My current algorithm is to take the intersection of the two shapes and compare the area of the intersection with the area of the original polygon. If the intersection area is 1/16th the original, I'm considering it valid for our business rules.

I have found sdo_intersection to be very slow (~30 seconds for 50 records). I'm performing this operation against a national landgrid so the process runs for several days.

I've already fine-tuned my algorithm to exclude polygons with the 'inside' relationship and just work on the ones that I know have overlapbdyintersect.

Any ideas on how to make this faster. At the end of the day, I want to know if there is any significant overlap between two polygons (not just a few vertices crossing over).

    
In SQL Server slow intersection queries are often a sign that no spatial index has been added to the geometry column, or the spatial index uses non-optimal parameters. –  geographika Jan 27 '11 at 15:12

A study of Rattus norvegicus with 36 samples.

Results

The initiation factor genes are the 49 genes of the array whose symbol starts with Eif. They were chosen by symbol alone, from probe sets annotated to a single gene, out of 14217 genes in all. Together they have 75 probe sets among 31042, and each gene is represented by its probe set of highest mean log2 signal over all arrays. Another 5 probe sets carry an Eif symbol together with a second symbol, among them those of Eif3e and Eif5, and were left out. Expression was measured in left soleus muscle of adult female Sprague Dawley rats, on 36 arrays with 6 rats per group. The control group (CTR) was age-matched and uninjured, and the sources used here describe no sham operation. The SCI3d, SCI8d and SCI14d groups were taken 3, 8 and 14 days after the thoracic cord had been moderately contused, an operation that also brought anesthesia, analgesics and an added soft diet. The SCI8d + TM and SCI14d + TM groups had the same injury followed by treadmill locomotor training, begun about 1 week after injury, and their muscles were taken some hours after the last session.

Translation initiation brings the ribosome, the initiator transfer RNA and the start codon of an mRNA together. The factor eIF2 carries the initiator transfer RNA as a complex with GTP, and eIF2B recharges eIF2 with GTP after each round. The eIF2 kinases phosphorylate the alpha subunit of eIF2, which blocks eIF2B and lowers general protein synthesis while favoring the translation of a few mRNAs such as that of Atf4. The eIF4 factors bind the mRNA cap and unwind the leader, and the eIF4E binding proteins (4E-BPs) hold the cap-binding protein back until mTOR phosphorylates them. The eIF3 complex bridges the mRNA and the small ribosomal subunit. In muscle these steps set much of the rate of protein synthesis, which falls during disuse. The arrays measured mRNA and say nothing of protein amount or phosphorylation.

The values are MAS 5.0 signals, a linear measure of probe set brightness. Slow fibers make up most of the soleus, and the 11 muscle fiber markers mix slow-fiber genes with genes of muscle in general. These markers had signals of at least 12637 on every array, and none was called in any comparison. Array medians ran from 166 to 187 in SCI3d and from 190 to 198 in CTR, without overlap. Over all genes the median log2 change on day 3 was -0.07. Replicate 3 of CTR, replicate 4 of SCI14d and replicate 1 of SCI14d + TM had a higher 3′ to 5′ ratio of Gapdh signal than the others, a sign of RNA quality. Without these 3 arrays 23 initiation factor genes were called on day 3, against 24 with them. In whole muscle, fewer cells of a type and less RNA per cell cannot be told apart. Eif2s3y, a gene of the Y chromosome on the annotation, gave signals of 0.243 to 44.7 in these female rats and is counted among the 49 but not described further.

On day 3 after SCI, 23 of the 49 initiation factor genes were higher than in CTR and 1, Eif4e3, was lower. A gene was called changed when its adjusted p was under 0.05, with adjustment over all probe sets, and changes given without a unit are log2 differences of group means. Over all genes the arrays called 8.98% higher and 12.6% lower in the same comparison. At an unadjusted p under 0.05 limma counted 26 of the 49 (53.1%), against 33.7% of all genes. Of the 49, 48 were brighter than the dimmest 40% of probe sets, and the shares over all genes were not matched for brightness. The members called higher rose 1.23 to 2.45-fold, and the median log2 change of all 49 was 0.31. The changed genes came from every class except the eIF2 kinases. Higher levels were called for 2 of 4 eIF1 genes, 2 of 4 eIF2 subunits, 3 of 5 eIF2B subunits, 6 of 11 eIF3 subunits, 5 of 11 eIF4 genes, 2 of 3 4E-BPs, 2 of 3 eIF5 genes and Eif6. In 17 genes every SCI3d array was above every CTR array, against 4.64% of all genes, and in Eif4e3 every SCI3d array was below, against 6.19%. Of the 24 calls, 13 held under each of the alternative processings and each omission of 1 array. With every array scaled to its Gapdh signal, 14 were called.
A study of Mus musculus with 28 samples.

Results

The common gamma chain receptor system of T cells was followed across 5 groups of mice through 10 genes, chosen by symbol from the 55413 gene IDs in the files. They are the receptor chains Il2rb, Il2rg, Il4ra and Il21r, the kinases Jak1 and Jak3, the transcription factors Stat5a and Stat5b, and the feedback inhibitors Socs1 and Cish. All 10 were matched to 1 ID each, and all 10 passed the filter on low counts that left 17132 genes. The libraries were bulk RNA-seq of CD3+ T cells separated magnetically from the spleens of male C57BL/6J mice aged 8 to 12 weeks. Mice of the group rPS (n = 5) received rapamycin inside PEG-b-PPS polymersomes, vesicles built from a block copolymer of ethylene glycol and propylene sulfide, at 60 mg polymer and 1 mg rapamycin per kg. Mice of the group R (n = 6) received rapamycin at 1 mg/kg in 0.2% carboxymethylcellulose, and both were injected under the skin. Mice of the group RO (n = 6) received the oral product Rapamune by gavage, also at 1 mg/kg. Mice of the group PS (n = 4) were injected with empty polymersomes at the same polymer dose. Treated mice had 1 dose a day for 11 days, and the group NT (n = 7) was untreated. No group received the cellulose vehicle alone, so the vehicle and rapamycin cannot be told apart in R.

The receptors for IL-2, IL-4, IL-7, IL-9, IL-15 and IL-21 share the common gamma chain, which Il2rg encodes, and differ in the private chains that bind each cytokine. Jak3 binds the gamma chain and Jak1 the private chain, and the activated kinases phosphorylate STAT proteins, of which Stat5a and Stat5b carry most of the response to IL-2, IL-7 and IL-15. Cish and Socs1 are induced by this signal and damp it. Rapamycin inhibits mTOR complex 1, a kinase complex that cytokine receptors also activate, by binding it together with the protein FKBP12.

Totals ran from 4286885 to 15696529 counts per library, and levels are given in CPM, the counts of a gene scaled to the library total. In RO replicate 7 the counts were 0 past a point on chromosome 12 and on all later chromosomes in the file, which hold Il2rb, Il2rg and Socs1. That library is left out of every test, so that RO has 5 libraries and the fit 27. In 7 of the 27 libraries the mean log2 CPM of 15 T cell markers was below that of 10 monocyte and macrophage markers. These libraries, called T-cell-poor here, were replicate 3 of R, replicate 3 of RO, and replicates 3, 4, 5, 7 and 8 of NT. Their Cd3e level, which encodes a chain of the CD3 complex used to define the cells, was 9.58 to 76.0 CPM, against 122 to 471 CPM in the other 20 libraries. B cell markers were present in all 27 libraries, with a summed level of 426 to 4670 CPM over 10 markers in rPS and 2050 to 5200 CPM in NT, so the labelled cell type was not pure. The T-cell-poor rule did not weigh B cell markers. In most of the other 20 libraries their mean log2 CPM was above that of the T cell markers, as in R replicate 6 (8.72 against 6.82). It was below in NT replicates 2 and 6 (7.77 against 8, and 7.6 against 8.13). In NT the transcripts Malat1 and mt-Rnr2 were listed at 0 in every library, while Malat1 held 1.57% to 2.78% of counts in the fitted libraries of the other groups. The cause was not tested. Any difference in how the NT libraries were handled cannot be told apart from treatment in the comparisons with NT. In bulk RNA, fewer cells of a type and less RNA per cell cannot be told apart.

The geometry column has a spatial index. In Oracle, you can't perform most geometric operations without a spatial index. As far as optimizing the parameters, I'll try to see if I can make it more efficient. With the benchmarking I've done, my bottleneck is not finding intersections, but calculating 1/16 of the intersected area after I've found a relationship. The sdo_intersection function is what is so slow. –  Jordan Parmer Jan 28 '11 at 14:17

I would preprocess your polygon set, applying the rule using only the rectangular extent first.

It is very easy to calculate the area of a rectangle, and fairly easy to obtain the bounding rectangle of an arbitrary polgyon.

If the area of the union of the two extents is 1/16 or more of the area of the subject extent, put them on the list of polygon pairs to compare.

EDIT: This will only work well for simple regular polygons... long, diagonal polygons or crescents will have a large rectangular extent but very small area, so will get skipped when they should be analyzed.